Relative Strangers

Jethro had finally gotten around to reading his mail, or as McGee so eloquently put it: snailmail. He got enough email at work, thank you very much; he didn't need one of the stupid machines at home as well so he could be bothered by them after hours.

He flipped through pile. Bill, bill, junk, junk, junk, postcard from Mike Franks, more junk mail, another bill, and a plain white letter.

He frowned at the unknown letter before he skimmed the postcard from Mike. Afterwards he flipped the letter, and in a neat, clearly female, hand was the name 'Faith Lehane' followed by 'Northern Californian Woman's Facility, Stockton, California'. His eyes narrowed. Why would one of the inmates there write him a letter? And who the hell was Faith Lehane?

Giving in to his curiosity he ripped the envelope open and pulled out a single sheet of paper. The handwriting was the same as the address, and when he turned it he saw that there was no writing there.

Leroy Jethro Gibbs,

Hello, my name is Faith Lehane. You don't know me, but you might remember my mother. Her name would've been Christine Rodriguez back then, and she lived in Boston. She was eccentric if you want to be nice, but mostly she was just a crazy bitch too busy getting drunk to give a fuck about anything. Including me.

Jethro stared at the text. What the hell was this?

If you don't remember her then you're probably seriously confused right about now, but let me put it in plain text for you: According to Christine you're my biological father. Of course she said the same thing about several other men, so don't put too much stock in it. However, given that the other "candidates" are criminal low-lives I hope you're the real one. Not that it matters, but at least someone in this fucked up family should be sane and it wasn't her and it certainly isn't me.

He put down the postcard he had still been holding before he went downstairs to his basement, where he rummaged around a little until he found the scotch and a glass. After emptying the glass of its contents and quickly rinsing it, he poured the scotch in and swallowed it all down in one go before he refilled it.

Mom met a nice man named Sammy Lehane when I was five and married him shortly after. He adopted me, which is why I have his name instead of Rodriguez, or, I suppose, Gibbs. Sammy disappeared when I was nine. No one told me anything, but mom graduated to the hard drugs four months later so it's safe to say it didn't end well. My life just got worse and worse after that.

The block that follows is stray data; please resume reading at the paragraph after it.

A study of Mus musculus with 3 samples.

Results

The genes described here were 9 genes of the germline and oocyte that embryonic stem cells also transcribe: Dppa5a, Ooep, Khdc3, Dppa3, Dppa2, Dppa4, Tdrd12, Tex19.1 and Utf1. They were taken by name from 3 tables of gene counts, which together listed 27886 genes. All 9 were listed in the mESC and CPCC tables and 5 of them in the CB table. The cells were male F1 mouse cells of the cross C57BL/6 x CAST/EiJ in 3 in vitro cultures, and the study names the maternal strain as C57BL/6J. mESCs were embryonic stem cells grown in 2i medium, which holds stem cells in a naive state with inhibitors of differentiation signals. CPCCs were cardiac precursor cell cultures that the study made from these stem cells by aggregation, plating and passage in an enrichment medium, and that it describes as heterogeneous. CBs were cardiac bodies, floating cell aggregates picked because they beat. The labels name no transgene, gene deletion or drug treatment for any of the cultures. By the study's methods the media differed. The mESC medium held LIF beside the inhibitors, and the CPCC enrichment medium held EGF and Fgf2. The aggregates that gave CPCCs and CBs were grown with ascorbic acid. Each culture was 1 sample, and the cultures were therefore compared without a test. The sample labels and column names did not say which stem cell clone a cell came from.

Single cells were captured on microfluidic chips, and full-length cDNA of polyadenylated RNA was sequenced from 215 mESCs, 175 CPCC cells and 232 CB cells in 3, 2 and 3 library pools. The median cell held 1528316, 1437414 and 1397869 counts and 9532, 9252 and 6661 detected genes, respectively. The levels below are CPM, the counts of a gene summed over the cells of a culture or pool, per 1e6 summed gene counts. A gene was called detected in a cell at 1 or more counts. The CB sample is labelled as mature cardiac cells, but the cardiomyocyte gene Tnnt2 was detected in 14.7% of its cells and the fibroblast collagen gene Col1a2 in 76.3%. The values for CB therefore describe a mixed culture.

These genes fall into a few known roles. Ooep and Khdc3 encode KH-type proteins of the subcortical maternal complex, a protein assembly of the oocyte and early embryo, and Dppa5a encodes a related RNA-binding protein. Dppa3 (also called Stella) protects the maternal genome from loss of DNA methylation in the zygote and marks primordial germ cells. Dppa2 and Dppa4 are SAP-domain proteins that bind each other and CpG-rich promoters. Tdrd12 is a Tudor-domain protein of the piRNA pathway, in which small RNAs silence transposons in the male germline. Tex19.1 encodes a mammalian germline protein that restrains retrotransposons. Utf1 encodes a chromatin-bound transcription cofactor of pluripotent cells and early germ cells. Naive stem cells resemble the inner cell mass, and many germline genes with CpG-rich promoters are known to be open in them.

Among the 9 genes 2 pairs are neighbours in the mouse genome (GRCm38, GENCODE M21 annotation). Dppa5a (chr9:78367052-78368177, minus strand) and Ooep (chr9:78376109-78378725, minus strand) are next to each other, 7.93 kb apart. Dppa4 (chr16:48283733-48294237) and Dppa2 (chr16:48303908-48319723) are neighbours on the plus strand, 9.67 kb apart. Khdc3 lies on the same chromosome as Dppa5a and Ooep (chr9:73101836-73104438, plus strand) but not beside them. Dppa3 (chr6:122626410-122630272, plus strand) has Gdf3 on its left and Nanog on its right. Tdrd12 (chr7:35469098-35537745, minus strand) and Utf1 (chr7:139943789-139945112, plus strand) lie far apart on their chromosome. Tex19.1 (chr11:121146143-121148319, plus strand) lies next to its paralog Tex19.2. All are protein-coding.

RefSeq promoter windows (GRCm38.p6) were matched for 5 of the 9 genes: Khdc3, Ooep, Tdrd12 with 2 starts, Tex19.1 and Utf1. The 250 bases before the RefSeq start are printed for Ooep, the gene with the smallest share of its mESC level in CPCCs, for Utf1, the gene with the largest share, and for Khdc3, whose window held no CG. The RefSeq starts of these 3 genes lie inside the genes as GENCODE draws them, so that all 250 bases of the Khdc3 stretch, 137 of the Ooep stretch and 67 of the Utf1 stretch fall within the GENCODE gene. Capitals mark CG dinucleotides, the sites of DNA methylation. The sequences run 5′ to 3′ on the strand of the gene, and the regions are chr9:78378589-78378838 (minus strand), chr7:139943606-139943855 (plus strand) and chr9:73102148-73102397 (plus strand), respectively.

In short: I recently admitted to two counts of murder and torturing a man using the five basic torture groups, and was subsequently convicted for my crimes. I'm currently serving a life sentence, and might get out after 25 years.

Jethro downed the glass and closed his eyes. This was not what he had expected to deal with so shortly after a difficult case. He was exhausted, but his mind wouldn't let him relax and this little bombshell wasn't helping. He sighed deeply and picked up the letter again. There was nothing to do but finish it.

Don't worry G-Man, I'm not asking for any favors. I don't need money and I don't want you to pull any strings to get me out of here or reduce my sentence. I'm exactly where I'm supposed to be.

The prison shrink suggested that writing to someone would help me deal with both my past and the enforced solitude in here. To be honest I'd rather send a letter to Sammy, but he's probably dead and in any case I wouldn't know where to send it even if he's somehow alive somewhere.

Not that I have an exact address for you either, but I'm taking a chance that your full name, 'US Marine' and a general D.C. address will make sure it reaches you at some point.

If it doesn't, well. At least writing this filled a few hours where I could look at something other than my three walls and the cell door.

In any case, feel free to ignore me. I'm killing time instead of people now, and you have no obligations to me what-so-ever.


He has a daughter who is serving 25 to life in prison for torture and a double murder. His eyes were staring unseeingly at the letter in his hand.